Ahead of the United Nations High-Level Meeting on Tuberculosis (TB) on September 26 during the UN General Assembly, we sat down with the UN’s Special Envoy for TB, Dr. Eric Goosby, to talk about what the global TB landscape looks like, what we can expect out of the high-level meeting, and what the UN is doing to help create a TB-free world.
Q: What does the global TB landscape look like in 2018?
EG: There is much work to be done on the TB front. According to the recently released World TB Report, TB remains the leading infectious disease killer. There were an estimated 10 million cases and 1.6 million deaths caused by TB in 2017.
We are still missing 40% of these cases, meaning that 4 million people who have TB are not being detected and treated, and pose a great risk of transmission. TB is the leading cause of death among people with HIV and is the deadliest disease among the global threat of antimicrobial resistance.
Despite these challenges, we have a chance now to rapidly accelerate progress to fight TB. The UN High-Level Meeting on TB can be a real turning point in our efforts to build a TB-free world. World leaders will make commitments on how they will tackle TB in each of their countries. Then, our job is to hold them accountable.
Q: We know that TB is the leading cause of death from infectious disease around the world. What is it going to take to help control this epidemic?
EG: To control the epidemic, we must break the chain of transmission through early diagnosis and getting patients on treatment quickly.
Even better would be to eliminate transmission by preventing people from becoming sick with TB. For this, we need to address the massive pool of people infected with TB – estimated to be nearly a quarter of the world’s population, or 1.7 billion people.
Our roadmap to find, diagnose, and treat people with TB disease and TB infection is clear. We need strong health systems, effective patient access, and the removal of financial barriers. This doesn’t happen at a meeting in New York – it happens on the ground in countries. Governments must be at the heart of this action and develop strong national TB plans that address the challenges faced by their populations. To support these efforts, we need multisectoral action that mobilizes resources among funders and includes the voices of civil society.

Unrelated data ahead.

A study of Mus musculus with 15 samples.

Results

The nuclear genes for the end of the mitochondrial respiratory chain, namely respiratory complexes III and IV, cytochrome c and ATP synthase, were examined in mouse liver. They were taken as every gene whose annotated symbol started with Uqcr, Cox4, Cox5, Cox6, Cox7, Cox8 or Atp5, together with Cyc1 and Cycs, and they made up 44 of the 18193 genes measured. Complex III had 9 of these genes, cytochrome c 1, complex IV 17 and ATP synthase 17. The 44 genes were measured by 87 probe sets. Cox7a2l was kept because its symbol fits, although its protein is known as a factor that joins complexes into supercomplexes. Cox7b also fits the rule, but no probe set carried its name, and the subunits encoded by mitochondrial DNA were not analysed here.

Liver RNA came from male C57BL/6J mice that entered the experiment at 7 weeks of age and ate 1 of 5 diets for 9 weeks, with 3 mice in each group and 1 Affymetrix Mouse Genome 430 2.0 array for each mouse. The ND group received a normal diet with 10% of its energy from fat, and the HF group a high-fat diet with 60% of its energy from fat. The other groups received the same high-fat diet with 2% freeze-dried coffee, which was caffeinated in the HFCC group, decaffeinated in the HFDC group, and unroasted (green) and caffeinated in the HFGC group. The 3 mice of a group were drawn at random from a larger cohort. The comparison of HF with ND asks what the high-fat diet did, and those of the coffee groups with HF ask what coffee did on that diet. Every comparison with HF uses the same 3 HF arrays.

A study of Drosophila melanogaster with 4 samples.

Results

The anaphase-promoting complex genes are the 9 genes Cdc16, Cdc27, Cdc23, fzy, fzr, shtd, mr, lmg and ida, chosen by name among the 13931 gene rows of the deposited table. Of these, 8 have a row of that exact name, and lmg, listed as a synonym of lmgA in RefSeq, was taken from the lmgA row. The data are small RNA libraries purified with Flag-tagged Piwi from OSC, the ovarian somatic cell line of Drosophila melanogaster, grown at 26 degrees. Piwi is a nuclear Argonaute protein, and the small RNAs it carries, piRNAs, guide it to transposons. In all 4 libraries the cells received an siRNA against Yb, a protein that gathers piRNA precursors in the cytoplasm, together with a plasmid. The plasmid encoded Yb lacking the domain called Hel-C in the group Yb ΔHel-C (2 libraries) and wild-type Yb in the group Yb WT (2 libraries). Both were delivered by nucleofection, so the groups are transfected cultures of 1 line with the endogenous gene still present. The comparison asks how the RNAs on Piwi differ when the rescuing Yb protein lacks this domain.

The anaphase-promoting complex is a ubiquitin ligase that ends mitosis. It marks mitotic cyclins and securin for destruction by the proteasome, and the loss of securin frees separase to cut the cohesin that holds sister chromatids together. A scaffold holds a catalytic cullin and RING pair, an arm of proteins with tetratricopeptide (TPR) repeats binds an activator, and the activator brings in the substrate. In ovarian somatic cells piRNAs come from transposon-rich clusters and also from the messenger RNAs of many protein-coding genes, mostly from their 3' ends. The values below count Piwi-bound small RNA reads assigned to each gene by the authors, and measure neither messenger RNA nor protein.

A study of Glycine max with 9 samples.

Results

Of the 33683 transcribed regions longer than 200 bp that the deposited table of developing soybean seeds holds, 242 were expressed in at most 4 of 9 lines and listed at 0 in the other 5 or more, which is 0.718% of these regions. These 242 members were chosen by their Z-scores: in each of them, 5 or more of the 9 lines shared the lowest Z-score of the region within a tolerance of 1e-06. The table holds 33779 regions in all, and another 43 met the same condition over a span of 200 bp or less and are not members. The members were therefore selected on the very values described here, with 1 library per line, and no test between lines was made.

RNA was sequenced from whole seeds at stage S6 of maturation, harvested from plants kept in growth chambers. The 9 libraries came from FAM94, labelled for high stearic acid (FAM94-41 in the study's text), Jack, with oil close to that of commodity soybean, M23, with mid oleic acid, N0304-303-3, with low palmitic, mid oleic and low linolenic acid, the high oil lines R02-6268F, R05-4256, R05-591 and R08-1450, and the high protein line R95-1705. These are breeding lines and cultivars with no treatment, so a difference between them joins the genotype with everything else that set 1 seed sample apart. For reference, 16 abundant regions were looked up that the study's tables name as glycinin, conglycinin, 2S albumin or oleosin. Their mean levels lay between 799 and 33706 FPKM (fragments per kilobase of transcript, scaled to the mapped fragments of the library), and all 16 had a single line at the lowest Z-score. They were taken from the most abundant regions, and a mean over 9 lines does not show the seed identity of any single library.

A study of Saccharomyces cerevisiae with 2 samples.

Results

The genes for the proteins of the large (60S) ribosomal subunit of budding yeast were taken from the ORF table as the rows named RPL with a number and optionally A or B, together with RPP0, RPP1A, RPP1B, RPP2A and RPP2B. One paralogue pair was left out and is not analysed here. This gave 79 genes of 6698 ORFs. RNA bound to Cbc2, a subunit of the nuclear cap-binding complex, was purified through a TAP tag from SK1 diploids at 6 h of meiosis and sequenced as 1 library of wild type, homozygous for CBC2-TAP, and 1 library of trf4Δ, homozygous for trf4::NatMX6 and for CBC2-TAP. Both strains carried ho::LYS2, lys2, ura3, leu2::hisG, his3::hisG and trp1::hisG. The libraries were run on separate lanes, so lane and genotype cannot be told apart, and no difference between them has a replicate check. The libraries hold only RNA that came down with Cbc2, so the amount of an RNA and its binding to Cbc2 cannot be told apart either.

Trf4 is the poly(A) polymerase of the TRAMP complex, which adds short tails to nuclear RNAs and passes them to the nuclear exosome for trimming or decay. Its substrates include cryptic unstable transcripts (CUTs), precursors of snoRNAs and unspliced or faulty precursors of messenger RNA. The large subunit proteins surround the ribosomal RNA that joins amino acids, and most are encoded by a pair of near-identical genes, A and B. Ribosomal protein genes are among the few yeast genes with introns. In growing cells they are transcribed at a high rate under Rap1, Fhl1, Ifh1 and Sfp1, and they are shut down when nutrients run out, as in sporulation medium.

Q: This is the first-ever UN high-level meeting on TB. How will this meeting impact people affected by TB?
EG: This is a historic moment for TB. We have engaged with parliamentarians to build an understanding of the problem and raise the profile of TB in key countries. We also see strong commitments in the declaration of the UN High-Level Meeting on Tuberculosis.
The key to translating these words to impact on the ground will be the powerful combination of political will and engagement. More than ever before, we are in the position to leverage this momentum, and we must continue to hold our governments responsible for commitments they make. World leaders must return to their countries after the High-Level Meeting and take action on TB to support the health of their populations.
Moreover, we have witnessed extraordinary work by civil society in helping to urge heads of state to engage in supporting the declaration and tailoring action plans for their countries. Foundations, civil society, donor nations, faith-based organizations, and our world’s youth all have an active role to play in reaching our Sustainable Development Goal of eliminating TB by 2030.
Q: What is most needed to end TB?
EG: Ending TB demands financial support and resources to take action on the heads of state’s commitments. This equates to more than $10 billion dollars annually; however, we are currently missing nearly half of the funds for TB research and delivery. We must address these funding gaps, and in particular, invest in developing new tools for prevention, diagnostics, and treatment.
Moreover, at the heart of all these numbers, we need to remember patients and their families, many of whom experience tremendous suffering, financial hardship, and even death due to tuberculosis.
Finally, we need political will – and accountability when our leaders take action.
Generating political will is not a passive effort. It involves a lot of hard work. Getting in front of heads of state and telling them that they need to do something because TB is ravaging their countries is not easy. I’ve done it. I know.
But we all know that a successful high-level meeting means that we need to get heads of state to take responsibility for the health of their people and to step up to the plate and commit.
We must make sure that the words we hear from our country leaders translate into action.
And, equally important, we must hold ourselves accountable for keeping the pressure on. Accountability is the key to unlocking the stranglehold that TB has had on the world since the time of the ancient Egyptians. We must not allow ourselves to start strong in our efforts to build a TB-free world only to stop when the obstacles become too overwhelming.
We’ve done that for too long. It’s time to say: “No more. No longer.”
No one is immune to TB. TB is preventable. TB is treatable. TB is curable. Now, we must all be held accountable.
Dr. Eric P. Goosby is the UN Secretary-General’s Special Envoy on Tuberculosis, a Professor of Medicine and the Director of Global Health Delivery and Diplomacy Institute for Global Health Sciences at the University of California, San Francisco, and a U.S. Ambassador-at-Large (ret.).